What Is Pattern Photography?

Jared Sluyter

Creating dynamic and visually captivating photographs is often done through examining and utilizing your surroundings. While technical aspects such as exposure and depth of field are neccessary to understand, a truly talented photographer masters the principles of composition.

Composition in photography simply refers to how you frame your subject, object or scene to be photographed. While composition can be the way a photographer places themselves or their subject within a scene, it can also include utilizing additional visual elements that are present within your foreground or background.

Pattern photography uses the combination of visual elements and design to create and compose an image. This can be done in various ways such as combining colors, shapes or objects to transform a scene into a captivating array. If you’re wondering how you can create strong visual aesthetics in your images, then you need to consider utilizing pattern photography.

What is Pattern Photography?

Pattern photography is the concept of integrating a repetition of elements into your photographs.

Our daily lives are filled with repetitive patterns. Whether with shapes, colors or textures, perfect examples of repetition exist all around us.

In order to create photography that captures and emphasizes these elements, you can choose to create up-close or wide angle compositions for your images.

An up-close perspective allows you to use repetition to highlight a pattern’s details. An example can be the leaves on a flower or the feathers on a bird.

While a zoomed out, wide angle perspective allows you to see the pattern as it exists as a whole. Instead of one object with repetitive textures, this may be a group of objects that align together to form an intriguing pattern. An example could be stacked bricks or the tiles on a ceiling.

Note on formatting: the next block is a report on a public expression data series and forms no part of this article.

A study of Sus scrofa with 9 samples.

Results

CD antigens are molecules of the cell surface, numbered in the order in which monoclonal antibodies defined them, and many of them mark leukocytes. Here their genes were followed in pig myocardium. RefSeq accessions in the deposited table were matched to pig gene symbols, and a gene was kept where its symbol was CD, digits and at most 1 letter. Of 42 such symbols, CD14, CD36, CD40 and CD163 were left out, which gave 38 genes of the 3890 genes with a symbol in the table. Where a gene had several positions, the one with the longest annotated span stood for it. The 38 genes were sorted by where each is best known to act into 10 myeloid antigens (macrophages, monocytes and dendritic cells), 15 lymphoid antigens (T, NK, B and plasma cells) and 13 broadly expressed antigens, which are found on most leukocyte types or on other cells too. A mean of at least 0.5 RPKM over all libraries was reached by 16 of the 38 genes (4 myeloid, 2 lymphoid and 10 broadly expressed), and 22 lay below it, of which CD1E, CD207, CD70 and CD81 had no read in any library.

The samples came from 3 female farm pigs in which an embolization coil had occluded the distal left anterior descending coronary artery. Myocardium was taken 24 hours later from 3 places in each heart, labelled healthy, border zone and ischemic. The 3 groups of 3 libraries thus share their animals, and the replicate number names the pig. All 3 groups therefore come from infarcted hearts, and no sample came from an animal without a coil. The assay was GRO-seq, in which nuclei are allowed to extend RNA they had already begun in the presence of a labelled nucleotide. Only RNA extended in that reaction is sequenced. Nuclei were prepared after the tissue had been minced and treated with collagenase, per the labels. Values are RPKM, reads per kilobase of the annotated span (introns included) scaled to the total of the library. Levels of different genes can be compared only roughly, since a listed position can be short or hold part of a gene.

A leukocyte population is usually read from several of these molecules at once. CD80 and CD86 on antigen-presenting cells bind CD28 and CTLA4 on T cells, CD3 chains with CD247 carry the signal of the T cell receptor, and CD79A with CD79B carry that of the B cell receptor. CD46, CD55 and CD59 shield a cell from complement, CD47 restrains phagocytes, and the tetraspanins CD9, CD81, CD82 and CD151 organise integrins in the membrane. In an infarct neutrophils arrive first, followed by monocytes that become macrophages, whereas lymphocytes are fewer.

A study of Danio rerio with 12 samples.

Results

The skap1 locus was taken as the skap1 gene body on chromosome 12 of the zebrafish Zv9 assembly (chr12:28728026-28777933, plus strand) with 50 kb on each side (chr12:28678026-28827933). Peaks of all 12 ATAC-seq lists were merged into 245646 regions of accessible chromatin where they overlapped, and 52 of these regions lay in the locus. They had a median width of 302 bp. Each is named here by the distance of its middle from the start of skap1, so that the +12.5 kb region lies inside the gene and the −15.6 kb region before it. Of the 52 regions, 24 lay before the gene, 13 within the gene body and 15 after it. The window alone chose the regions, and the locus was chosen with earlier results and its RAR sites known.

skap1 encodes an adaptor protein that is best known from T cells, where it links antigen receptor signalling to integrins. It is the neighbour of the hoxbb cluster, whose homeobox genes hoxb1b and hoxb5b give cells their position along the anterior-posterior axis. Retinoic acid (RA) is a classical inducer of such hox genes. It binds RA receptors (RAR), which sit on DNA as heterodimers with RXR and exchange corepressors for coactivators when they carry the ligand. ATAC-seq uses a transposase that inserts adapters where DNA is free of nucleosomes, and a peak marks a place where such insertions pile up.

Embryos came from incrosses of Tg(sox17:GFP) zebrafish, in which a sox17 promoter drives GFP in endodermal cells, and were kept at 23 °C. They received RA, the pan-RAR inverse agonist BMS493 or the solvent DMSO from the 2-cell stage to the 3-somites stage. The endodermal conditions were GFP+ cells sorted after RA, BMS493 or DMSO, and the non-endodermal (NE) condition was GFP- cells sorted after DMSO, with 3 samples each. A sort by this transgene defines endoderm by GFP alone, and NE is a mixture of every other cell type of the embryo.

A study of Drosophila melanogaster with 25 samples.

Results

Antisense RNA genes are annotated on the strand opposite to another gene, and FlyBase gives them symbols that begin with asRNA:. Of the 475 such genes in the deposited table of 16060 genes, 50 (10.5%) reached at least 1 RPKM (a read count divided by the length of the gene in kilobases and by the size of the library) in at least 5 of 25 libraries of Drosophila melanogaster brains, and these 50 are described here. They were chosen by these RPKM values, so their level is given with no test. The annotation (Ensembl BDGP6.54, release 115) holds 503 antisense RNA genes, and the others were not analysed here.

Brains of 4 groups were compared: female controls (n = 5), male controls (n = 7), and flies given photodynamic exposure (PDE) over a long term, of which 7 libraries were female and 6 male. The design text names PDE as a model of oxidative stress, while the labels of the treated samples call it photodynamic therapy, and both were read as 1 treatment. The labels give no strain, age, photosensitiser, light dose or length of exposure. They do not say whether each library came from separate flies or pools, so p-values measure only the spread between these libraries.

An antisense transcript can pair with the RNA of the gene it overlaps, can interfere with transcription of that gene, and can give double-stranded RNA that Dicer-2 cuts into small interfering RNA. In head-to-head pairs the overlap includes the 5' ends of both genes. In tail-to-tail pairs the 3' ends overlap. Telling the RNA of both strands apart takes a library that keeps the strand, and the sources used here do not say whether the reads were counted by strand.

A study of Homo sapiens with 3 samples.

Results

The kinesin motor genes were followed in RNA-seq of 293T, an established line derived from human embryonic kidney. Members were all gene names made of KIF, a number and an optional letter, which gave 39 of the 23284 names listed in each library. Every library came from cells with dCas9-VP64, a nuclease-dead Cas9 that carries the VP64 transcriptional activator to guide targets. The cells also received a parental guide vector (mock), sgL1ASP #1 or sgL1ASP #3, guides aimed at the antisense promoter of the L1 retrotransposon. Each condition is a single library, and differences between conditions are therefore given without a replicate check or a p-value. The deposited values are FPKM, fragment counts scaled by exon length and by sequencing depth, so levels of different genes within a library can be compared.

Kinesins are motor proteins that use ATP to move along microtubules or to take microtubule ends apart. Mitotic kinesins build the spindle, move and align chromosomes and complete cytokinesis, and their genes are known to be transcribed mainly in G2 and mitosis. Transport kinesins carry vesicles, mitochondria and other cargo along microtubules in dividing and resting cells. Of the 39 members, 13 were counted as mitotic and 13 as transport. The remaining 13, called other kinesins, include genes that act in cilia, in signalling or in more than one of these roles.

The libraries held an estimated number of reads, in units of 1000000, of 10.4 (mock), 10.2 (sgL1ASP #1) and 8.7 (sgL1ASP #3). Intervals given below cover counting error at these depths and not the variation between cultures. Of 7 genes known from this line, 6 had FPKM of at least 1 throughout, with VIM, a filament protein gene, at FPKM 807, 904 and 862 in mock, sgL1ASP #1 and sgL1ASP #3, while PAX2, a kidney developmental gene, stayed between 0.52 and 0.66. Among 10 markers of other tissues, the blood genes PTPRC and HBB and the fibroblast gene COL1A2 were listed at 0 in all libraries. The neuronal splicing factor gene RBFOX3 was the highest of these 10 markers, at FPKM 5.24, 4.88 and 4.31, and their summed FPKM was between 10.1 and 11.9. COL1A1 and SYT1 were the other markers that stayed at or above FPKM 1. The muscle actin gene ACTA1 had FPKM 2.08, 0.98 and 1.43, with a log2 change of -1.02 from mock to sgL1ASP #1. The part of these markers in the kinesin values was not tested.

Pattern photography is not only created by using repetition. In fact, a large element of pattern photography is about breaking the repetition of an object.

Such examples usually occur in nature and showcase the distinct difference between two objects. For example, pattern photography can occur with the breaking of repetition between a large body of water and a bridge that runs over it. The patterns found in the water may be repetitive, but will be broken once you add the element of the architectural structure.

In all, pattern photography is created by recognizing both the repetitive and contrasting elements in life through visuals of nature, portraiture and architecture.

Examples of Pattern Photography

Patterns in your photographic images can be found in every day life through architecture, portrait, and nature. Here are some visually captivating examples of pattern photography.

Guillaume Bolduc
Jakob Owens
Steve Harvey
Nuno Silva
Beto Gal
Alan Weiner
Katie Montgomery
Bady GB

Create Your Own Unique Patterns

In addition to finding the elements that create both streamlined and juxtaposed compositions for your pattern photography, you can also create your own creative examples through the use of external tools.

Prisms are a great way to create visually dynamic images. The technique of prisming, allows you utilize a prism-shaped, clear object in front of your lens to create various artistic compositions.

You can use a standard rounded prism or fractal filters that can be placed up against your lens to create repetitive patterns of your subject. These types of filters essentially give your photographs the kaleidoscope effect. If you’re interested in these types of tools for your photography, you can purchase the filters from Get Fractals here. 

Here are some examples of pattern photography created with the use of prisms:

Christin Hume
Aiony Haust
Max Bender

Whether you utilize the design of nature or create your own creative repetitions, pattern photography can be achieved through an attention to detail and composition.

Next time you are shooting, look for the elements within your scene that create a comparative or contrasting viewpoint in color, shape or texture to create your own examples of pattern photography.